Pacing Duty

Confession: I paced my first race and may never go back to racing

My first real race was the Scotiabank Toronto Waterfront Half Marathon in 2013. I was hoping to finish in under two hours. I hadn’t focused on pacing before and while in the chute, I was stunned to see someone holding a 2:00 sign beside me. “This person is so good at running that they can guarantee a finish in two hours?” I thought. I had never heard of “pace bunnies,” but the idea appealed to me. I proceeded to run with the pacer for the first half peeling ahead when I felt good. I finished in 1:54. I believe that was thanks to that steady start.

How I ended up with pacing duty

Allegra Pace BunnyI’ve always been curious about being a pacer so I was thrilled when I was asked to pace the recent Waterfront 10K, the new Canada Running Series addition. Nearly three years after my first race, I’m much more confident with holding my paces. Having said that, I was nervous about the commitment I had made. (Full disclosure: I offered to pace a 50 minute 10K but dropped down to 55 minutes.)

The timing couldn’t have been better. My goal race was over on May 1, and I had been taking some much-deserved rest from my speedy workout. “Practicing” my 5:30 pace was an excellent excuse so my friends on Strava wouldn’t question why six weeks later, I was still taking it easy.

Canada Running Series did a great thing by looking to Toronto run groups to find pacers and I got a chance to get to know the team and exchange tips with them. Any race day atmosphere is exciting but on home turf, it felt like the whole Toronto running community had shown up. I ran into friends, colleagues, and Twitter followers I had never met in person.

As gorgeous as it was on race morning, I was surprised to find myself nervous. So many runners would be counting on me to help achieve their goals.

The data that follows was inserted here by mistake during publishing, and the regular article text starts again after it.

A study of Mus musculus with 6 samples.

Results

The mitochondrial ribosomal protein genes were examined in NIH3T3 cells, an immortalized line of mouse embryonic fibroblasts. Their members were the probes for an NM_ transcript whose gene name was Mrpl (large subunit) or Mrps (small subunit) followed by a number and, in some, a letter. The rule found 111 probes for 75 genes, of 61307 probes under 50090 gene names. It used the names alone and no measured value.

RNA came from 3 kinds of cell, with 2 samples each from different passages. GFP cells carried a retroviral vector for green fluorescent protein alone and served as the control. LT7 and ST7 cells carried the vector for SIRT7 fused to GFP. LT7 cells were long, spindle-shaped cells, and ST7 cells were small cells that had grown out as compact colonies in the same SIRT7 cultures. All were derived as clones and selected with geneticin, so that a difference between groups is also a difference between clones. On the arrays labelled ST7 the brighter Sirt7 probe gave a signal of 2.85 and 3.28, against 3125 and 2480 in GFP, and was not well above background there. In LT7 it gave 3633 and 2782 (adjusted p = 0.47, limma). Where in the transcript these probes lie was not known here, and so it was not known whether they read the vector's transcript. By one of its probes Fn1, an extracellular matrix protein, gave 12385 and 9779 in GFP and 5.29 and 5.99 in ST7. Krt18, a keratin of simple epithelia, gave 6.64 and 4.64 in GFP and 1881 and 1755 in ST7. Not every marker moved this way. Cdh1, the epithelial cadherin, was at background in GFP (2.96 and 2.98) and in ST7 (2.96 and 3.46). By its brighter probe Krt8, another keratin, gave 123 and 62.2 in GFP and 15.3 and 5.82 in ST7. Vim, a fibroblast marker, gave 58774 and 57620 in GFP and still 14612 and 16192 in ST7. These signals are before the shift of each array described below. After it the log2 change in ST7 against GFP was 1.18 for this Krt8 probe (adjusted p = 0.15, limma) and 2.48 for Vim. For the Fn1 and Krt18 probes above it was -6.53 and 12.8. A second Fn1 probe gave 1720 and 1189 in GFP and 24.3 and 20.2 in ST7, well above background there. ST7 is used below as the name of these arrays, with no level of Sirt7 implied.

Heading to the start line

Once the gun sounded, all my nervousness fell away. I can’t explain how much fun it was. Immediately my fellow pacer, Andrew, and I discovered that since we were in the downtown core, our GPS was all over the place. We made a team decision that we would have to run by feel and check in at each kilometer. The views of the CN Tower were gorgeous as we came up to 1K and got our group to cheer as we passed the marker. Andrew and I took turns carrying the sign and shouted helpful tips about timing, water stations, and tackling the hills to runners as we progressed through the race.

When I signed up to work with a coach at the beginning of this year, I thought that the better you got at running, the easier it becomes. That’s not the case. The better you get, the faster you run. Pacing, as it turns out, showed that my dedication has worked. Running at 10K at a 5:30 pace once would have terrified me, yet here I was helping others do it. I danced through bubbles at a cheer station, ran through a mist machine, and high-fived police officers.

I’m proud to say that my official chip time was 54:59. It was a fabulous experience. As runners, we’re all selfish. That’s the nature of a solo sport. It was a freeing feeling to give back to the community and feel solid in the knowledge that this wasn’t going to be a PB, but that wasn’t the point.

While I have some races on my calendar over the next few months, I hope I’ll have the opportunity to pace again. I highly recommend trying pacing duty once. It’s a humbling experience and I look forward to the next time.